That’s the exact same rationale we used to build the Robot Vulnerability Database (discourse thread). We did it in a centralized manner because after filing a few dozens of robot vulnerabilities (with their corresponding approved CVE IDs) one realizes that synergies happen constantly over tickets and tracking them over multiple Github repositories becomes extremely time-consuming. We should encourage people to use tools like these and explain to them that they shouldn’t fear it. Attackers will often have a much richer toolset and doing static/dynamic analysis will be the first thing for them to do before assembling a battery of already-existing exploits that match the system test results (we ourselves are already starting to do this after having been building exploits for about a year).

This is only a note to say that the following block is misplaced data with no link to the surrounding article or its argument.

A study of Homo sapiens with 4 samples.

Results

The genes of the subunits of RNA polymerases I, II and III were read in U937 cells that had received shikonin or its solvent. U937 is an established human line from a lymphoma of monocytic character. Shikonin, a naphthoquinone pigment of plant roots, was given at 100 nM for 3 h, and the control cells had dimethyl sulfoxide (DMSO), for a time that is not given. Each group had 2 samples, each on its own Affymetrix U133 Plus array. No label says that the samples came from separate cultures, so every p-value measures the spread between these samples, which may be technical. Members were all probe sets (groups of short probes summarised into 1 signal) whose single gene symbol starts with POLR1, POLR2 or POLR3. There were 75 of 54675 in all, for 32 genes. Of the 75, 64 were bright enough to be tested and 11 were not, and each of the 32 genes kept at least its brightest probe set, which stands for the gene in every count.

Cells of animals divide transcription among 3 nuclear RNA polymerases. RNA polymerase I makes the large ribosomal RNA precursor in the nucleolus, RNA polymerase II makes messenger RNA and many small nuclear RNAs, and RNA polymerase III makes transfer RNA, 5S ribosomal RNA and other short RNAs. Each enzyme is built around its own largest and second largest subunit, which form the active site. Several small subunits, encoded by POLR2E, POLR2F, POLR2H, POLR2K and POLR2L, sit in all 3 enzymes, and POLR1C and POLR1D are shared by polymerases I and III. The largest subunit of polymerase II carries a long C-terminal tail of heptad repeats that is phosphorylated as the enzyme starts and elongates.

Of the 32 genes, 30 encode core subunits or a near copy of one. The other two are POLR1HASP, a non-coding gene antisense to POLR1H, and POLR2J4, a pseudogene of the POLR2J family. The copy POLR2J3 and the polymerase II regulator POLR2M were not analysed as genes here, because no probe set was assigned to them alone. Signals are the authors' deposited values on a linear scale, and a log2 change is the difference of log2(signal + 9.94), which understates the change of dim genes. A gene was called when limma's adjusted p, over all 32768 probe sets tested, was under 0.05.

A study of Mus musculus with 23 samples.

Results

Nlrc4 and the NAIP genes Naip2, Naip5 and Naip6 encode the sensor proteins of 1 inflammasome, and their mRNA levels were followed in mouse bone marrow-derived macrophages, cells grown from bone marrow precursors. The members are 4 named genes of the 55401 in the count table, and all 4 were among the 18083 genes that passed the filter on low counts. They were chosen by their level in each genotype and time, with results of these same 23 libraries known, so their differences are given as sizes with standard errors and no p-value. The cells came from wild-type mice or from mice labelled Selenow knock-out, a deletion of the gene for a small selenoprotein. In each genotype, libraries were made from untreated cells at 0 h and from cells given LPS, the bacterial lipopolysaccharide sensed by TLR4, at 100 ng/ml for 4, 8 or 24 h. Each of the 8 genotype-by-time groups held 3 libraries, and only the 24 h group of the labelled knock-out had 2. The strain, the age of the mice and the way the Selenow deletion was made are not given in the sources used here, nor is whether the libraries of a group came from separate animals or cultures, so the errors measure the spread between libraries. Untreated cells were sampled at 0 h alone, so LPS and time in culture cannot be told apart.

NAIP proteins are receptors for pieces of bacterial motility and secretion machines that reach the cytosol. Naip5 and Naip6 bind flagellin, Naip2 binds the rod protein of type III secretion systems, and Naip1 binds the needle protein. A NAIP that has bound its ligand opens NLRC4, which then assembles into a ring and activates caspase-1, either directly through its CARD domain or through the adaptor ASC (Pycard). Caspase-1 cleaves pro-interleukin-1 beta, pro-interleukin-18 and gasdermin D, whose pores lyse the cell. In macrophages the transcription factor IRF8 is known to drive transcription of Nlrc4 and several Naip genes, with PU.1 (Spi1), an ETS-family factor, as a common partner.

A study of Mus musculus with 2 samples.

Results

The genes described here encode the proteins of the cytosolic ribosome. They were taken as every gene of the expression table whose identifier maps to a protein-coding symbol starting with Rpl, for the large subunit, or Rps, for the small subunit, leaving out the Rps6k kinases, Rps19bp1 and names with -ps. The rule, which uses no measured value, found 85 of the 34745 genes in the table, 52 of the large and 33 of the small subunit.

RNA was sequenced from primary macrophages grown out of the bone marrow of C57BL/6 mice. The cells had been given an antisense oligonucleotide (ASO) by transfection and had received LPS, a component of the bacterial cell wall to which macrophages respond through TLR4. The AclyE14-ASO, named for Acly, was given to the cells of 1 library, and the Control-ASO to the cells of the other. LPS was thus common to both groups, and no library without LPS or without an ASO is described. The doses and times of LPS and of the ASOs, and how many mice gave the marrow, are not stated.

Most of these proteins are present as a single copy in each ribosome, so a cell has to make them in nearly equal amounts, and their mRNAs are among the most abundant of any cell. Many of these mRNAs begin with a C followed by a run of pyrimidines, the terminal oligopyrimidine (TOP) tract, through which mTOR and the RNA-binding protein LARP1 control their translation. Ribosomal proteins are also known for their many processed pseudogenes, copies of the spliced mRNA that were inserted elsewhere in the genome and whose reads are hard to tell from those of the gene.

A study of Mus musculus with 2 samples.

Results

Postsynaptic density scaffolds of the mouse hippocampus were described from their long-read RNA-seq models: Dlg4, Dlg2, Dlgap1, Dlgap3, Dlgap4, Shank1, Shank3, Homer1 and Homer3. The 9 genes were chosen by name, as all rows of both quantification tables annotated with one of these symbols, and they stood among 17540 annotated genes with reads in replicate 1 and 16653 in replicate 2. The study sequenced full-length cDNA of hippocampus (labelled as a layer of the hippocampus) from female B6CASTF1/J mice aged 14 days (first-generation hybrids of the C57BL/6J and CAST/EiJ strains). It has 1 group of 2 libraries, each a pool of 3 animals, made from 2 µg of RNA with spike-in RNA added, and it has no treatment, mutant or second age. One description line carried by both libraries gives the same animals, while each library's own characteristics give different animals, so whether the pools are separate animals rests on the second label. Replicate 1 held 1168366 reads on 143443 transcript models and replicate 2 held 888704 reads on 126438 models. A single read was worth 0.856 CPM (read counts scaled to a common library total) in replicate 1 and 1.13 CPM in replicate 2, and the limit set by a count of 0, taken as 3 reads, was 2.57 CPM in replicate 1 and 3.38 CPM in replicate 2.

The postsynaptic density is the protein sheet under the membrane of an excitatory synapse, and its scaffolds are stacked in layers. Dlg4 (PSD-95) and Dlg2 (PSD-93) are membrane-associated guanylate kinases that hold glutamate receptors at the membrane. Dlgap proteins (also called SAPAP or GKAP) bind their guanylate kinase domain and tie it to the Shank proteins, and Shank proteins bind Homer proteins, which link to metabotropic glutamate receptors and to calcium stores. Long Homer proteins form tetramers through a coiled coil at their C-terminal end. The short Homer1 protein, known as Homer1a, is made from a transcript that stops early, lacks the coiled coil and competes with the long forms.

Triage can and probably should be done in the open, to share the efforts between developers and rapidly assess the severity and exploitability of a given flaw, while PoCs can be kept undisclosed until an actual patch is available and spread, so that robot administrators have enough time to apply it.
This is exactly what we’ve been advocating for with very little success due to the management of the security WG https://github.com/ros-security/community/issues/6#issuecomment-678430031. Hopefully they’ll realize current security discussions are advancing extremely slow and security triage is extremely costly (just look for the last interactions of a flaw @ruffsl located in ROS 2).
This sort of tool should be encouraged at a general ROS 2 level, motivating package maintainers to deal with their bugs over a severity level (established based on the tool outputs). Beyond quality, the Security WG should step up here and recommend the use of this.